How can Pompeii be told in short? The simple answer is – it can’t! It is an ancient maze of streets, squares, rich and poor houses, gardens, diners, temples and other public buildings. Scientists say it was a very average city for within the Roman Empire, but it took us three days to barely go through it. And you should have in mind that some of the ruins have not yet been excavated and exhibited; some of the sites do not offer visitor access, and a considerable number of houses open only on certain days.


That is why I chose to show you some aspects of my choice. We start with the Pompeii street. As it was usual in the Roman Empire, most streets – and especially the central ones – are strictly perpendicular to each other; there are sidewalks for pedestrians and the “roadway” is for carts only. You will notice that the road is well below the level of the sidewalk, which is because it also served as a cloaca. For this reason, the pedestrian passes are made of high stones, placed at some distance from each other so that the carts can still pass.

Ancient Roman street

The streets lead to the impressive public spaces of Pompeii: the Central Forum and the smaller squares, theaters, the paleastra (sports schools) and the porticoes (spaces surrounded by covered colonnades). The scale is serious, despite the scientists’ allegations of an ordinary city. The corresponding provision of different temples is also well-obvious. This, for example, is the temple of Isis, and reflects the Romans’ habit of appropriating all deities they liked from foreign pantheons. They did the same with our Thracian Horseman, but this is another story.

Temple of Isis, Pompeii

And as we mentioned the care for the soul in the form of temples, it is also appropriate to pay attention to the care for the body. There is a large central bath in Pompeii and several smaller ones. In imperial times, the common thing was to go to a public bathroom. Not that the rich could not afford personal hygiene facilities and some did, but the tradition of warm, hot and cold baths, rest rooms and a large relaxation pool required the corresponding spaces. Now, have you ever found yourselves in a queue for the bath?

The bathroom queue

Taking care of your body undoubtedly includes eating well. The lands around Pompeii were very fertile even before the fatal eruption of Vesuvius in AD 79. The findings sealed in the many meters of solidified volcanic material lead scientists to claim that the Pompeians ate quite well and even healthily. Abundant seafood, fruit, nuts, wine from the many vineyards on the slopes of the volcano and, of course, bread. Although not as toasted as we find it today.

Volcanic bread

We’ll go back to the rich again. If nowadays we go to a restaurant when we have the money, and otherwise we eat whatever is available at home, in ancient Rome it was the other way round. Only those who had money could afford to have kitchens and tricliniums or dining rooms at home. All the others ate outside, in the diners called thermopoliums and the wineries called tabernae. In Pompeii they are found on almost every corner. You will recognize them by the “counters”, covered with pieces of marble, with built-in clay vessels in which the food was kept warm.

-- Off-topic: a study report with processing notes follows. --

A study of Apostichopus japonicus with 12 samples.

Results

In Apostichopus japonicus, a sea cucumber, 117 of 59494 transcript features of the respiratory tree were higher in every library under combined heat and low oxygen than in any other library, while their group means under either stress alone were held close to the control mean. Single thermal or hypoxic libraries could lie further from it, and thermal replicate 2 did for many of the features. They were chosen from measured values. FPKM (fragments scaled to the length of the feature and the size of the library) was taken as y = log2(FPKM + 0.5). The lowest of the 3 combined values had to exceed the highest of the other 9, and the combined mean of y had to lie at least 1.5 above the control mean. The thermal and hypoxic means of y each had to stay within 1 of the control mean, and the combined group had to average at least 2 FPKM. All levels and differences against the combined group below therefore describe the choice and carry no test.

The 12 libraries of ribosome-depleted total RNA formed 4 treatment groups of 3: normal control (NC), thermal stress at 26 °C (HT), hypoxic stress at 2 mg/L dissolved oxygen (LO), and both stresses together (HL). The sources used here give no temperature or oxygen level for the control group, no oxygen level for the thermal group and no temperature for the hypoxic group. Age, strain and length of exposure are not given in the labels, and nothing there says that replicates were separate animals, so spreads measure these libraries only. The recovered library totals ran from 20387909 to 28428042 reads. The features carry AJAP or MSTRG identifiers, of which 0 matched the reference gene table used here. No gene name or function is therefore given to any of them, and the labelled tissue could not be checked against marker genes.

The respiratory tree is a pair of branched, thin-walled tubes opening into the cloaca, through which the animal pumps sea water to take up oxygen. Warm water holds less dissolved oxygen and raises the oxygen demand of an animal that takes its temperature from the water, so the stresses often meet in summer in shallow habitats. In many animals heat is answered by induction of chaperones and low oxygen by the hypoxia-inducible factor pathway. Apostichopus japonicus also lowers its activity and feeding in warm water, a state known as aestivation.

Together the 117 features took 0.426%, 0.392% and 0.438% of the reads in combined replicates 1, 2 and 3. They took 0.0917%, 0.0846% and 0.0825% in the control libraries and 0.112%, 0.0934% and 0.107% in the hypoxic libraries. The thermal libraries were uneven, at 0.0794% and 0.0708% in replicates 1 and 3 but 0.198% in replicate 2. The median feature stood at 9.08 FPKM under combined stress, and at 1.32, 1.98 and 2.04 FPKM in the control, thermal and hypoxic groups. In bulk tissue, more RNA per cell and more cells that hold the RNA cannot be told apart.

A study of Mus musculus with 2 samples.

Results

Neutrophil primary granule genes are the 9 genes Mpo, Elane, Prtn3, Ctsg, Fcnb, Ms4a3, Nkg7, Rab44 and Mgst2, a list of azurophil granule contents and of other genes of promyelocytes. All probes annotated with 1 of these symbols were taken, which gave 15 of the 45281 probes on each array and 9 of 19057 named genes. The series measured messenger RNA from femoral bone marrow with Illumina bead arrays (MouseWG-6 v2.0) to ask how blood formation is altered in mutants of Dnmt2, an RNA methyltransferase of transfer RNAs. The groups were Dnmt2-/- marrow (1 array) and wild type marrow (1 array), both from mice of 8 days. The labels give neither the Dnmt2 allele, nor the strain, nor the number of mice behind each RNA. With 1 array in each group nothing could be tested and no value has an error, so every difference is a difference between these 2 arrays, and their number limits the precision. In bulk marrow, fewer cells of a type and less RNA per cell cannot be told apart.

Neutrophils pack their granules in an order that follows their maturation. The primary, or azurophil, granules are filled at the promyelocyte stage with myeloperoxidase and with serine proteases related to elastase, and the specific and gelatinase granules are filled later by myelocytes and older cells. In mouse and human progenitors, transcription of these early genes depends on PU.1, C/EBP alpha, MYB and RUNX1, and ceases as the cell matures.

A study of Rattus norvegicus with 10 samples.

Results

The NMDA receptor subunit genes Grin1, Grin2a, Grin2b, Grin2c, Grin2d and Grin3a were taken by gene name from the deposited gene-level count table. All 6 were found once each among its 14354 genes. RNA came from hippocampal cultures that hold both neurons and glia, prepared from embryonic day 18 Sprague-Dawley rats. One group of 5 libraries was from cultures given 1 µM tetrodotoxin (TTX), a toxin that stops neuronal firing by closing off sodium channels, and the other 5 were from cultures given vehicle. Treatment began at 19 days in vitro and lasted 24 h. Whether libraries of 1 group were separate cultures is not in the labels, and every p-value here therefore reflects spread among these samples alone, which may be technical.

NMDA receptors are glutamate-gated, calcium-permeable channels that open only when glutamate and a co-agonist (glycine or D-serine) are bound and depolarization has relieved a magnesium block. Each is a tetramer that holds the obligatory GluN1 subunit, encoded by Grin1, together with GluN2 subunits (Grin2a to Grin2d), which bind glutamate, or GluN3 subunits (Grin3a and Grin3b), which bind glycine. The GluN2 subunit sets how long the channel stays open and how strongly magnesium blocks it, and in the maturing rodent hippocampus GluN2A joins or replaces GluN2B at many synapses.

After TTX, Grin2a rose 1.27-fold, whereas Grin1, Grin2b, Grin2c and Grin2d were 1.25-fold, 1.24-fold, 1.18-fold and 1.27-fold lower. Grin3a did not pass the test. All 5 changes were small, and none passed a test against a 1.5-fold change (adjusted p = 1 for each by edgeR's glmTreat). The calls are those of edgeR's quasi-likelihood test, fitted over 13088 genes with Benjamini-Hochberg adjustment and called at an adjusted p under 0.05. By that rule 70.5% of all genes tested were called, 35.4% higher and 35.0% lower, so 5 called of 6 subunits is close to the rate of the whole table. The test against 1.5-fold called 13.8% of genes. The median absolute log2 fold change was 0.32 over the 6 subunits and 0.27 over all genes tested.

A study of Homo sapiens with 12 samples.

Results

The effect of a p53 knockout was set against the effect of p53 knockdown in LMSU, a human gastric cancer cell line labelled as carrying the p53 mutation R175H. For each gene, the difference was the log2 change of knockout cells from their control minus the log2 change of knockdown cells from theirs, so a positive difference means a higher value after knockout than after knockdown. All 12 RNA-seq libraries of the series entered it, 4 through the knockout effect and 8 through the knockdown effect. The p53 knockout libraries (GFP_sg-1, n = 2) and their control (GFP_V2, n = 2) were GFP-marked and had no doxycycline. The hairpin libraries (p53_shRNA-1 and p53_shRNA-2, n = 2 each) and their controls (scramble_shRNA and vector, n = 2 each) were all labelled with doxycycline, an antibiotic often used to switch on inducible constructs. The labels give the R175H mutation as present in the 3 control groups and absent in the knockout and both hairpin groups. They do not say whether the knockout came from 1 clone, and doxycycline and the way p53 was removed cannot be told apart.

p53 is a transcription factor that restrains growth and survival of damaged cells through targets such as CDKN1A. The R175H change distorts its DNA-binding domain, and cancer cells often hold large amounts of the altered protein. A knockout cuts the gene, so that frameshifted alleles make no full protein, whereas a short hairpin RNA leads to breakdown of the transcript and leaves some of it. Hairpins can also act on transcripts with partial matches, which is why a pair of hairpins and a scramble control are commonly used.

A diner in Pompeii

Now let’s have a look into the private property. The eruption caused terrible damage, but at the same time preserved everything below. You will not see many furniture – they were still mostly wooden and got charred. There are pieces of big wooden gates here and there, but they look like muddy partitions. The stone remained. Columns, architraves, swimming pools, stairs to the upper floors, fountains, statues and garden furniture. The gardens that the current hosts in Pompeii will offer you are not exactly the olden ones. But close enough.

A modern Roman garden

To my greatest joy, the tragic conservation of the city has preserved many of the interior decorations. The Romans loved to have decorations everywhere, when they could afford it. The floors – with mosaics, the walls and ceilings – with murals. Not all are masterpieces of fine or applied arts, but all carry the charm of a rediscovered ancient world. Including the bright glowing colors of almost 2000 years of age. And some are even beautiful.

Home decoration at Pompeii

There is so much more to tell about Pompeii. The fountains at the crossroads, decorated with faces. The public laundry. Bread bakeries combined with mills. The public brothel. The necropolises beyond the city walls. The personal belongings, most of which are in the Archaeological Museum of Naples. Like I said, it just can’t be short. The ancient Pompeians were just like us and their lives were just as multi-layered. To the extent that they regularly wished each other health, prosperity and luck, only in a slightly different way than we do. For example like this:

Roman wish of health and happiness

You may read more about our trip in the region of Naples here.